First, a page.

POLICYMIC 06/10/14
By Tom McKay

The news: As the United States concludes its messy wars in Iraq and Afghanistan, the military is finding itself left with vast armories of powerful military hardware designed for the streets of Baghdad and Kabul. In order to avoid sending billions of dollars of equipment to the scrap yards, the military is taking equipment designed to survive direct hits from IEDs and distributing it to small-town police departments across the country.

Police departments are getting tens of thousands of light machine guns and automatic rifles, Mine-Resistant Ambush Protected (MRAP) armored vehicles, camouflage and night-vision gear, ammunition, silencers and even aircrafts. And while departments welcome the new equipment, their prevalent use in middle America might be somewhat alarming. Highly-equipped SWAT teams are being called with alarming frequency, even for routine tasks that were formerly handled by regular uniformed officers.

The New York Times reports:

“The equipment has been added to the armories of police departments that already look and act like military units. Police SWAT teams are now deployed tens of thousands of times each year, increasingly for routine jobs. Masked, heavily armed police officers in Louisiana raided a nightclub in 2006 as part of a liquor inspection. In Florida in 2010, officers in SWAT gear and with guns drawn carried out raids on barbershops that mostly led only to charges of ‘barbering without a license.'”

The background: Some police chiefs cite valid reasons for the equipment, including radically different tactics during what the FBI calls “Active Shooter/Mass Casualty Incidents.” Previously, police would set up a perimeter and attempt to negotiate with mass shooters. But because the modern generation of mass shooters have been proven to show little interest having specific demands new, the preferred tactic to save lives is now to march in, guns blazing.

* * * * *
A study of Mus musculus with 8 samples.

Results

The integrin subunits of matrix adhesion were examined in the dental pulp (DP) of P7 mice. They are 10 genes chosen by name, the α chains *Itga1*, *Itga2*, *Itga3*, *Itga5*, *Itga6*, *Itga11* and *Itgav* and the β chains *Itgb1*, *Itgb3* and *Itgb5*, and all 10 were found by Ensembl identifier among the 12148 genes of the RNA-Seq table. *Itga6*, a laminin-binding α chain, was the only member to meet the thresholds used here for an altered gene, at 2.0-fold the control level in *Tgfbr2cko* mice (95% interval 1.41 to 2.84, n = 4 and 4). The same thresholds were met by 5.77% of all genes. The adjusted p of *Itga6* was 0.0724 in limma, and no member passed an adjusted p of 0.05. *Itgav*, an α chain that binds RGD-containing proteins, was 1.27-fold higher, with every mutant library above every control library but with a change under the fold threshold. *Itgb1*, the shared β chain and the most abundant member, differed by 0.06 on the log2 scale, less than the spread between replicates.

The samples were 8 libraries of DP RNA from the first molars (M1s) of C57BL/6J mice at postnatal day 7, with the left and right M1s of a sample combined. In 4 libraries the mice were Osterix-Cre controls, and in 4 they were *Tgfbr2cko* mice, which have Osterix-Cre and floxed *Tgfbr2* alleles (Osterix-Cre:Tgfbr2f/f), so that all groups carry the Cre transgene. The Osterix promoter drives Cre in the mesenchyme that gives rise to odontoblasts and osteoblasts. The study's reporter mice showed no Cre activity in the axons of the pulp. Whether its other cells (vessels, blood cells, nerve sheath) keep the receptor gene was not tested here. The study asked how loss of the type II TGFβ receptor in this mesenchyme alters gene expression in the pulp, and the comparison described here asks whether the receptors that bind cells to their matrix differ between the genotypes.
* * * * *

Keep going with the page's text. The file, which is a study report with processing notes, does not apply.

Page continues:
Not everyone is happy about the sudden influx of high-tech great. Neenah, Wisconsin city councilman William Pollnow Jr., who opposed his town’s acquisition of an armored truck, told the New York Times: “Somebody has to be the first person to say ‘Why are we doing this?’ [The answer is always protecting police officers.] Who’s going to be against that? You’re against the police coming home safe at night? But you can always present a worst-case scenario. You can use that as a framework to get anything.”

Pollnow has a point. Nationwide, violent crime is at its lowest point in a generation, and domestic terrorist attacks are actually lower than they were in the 1960s and 1970s.

Meanwhile, a lot of the new hardware is seemingly being distributed because it’s available, powerful and intimidating and not because it’s necessarily critical or effective at safely policing the streets of American cities and towns. Rome City, Ind., population 1,369, received equipment it didn’t need or understand, including what appeared to be a gunfire simulator designed for tank gunners that could load real explosives. And as PolicyMic reported in November on MRAPs, “The trucks weigh 18 tons, get five miles to the gallon, crash through weak bridges and shatter some roads, and have a tendency to tip over — so much so that the military conducts special classes to train soldiers for a rollover situation.”

Why you should care: Michael Shank and Elizabeth Beavers at the Friends Committee on National Legislation (FCNL) argue that “militarizing” America could have dangerous consequences, including lowered civil liberties through intimidation, irresponsible use of excessive force and the potential to lose powerful tools of war in the middle of the country. The FCNL wrote that “Citizens deserve to know that their congressional leaders and law enforcement officers are working together to protect them — not recklessly engaging in a gluttonous arms race or irresponsibly losing dangerous weapons.”

Rep. Hank Johnson (D-Ga.) and FCNL’s Michael Shank wrote that “Americans should … be concerned, unless they want their main streets patrolled in ways that mirror a war zone. We recognize that we’re not in Kansas anymore, but are MRAPs really needed in small-town America?”

Expert Peter Kraska, who wrote “Militarizing Mayberry and Beyond: Making Sense of American Paramilitary Policing,” told IndyStar, “The problem with that is, it’s a real slippery slope and it can become unreasonable. A traffic stop is extremely dangerous for the police. In a democratic society, though, we wouldn’t want to see those traffic stops or even 25% of those traffic stops handled by a SWAT team.

“If what you mean by being cautious (to protect officers) is increasingly militarize, that doesn’t necessarily result in safe outcomes,” says Kraska. “In fact, it can escalate risky situations instead of deescalate them.”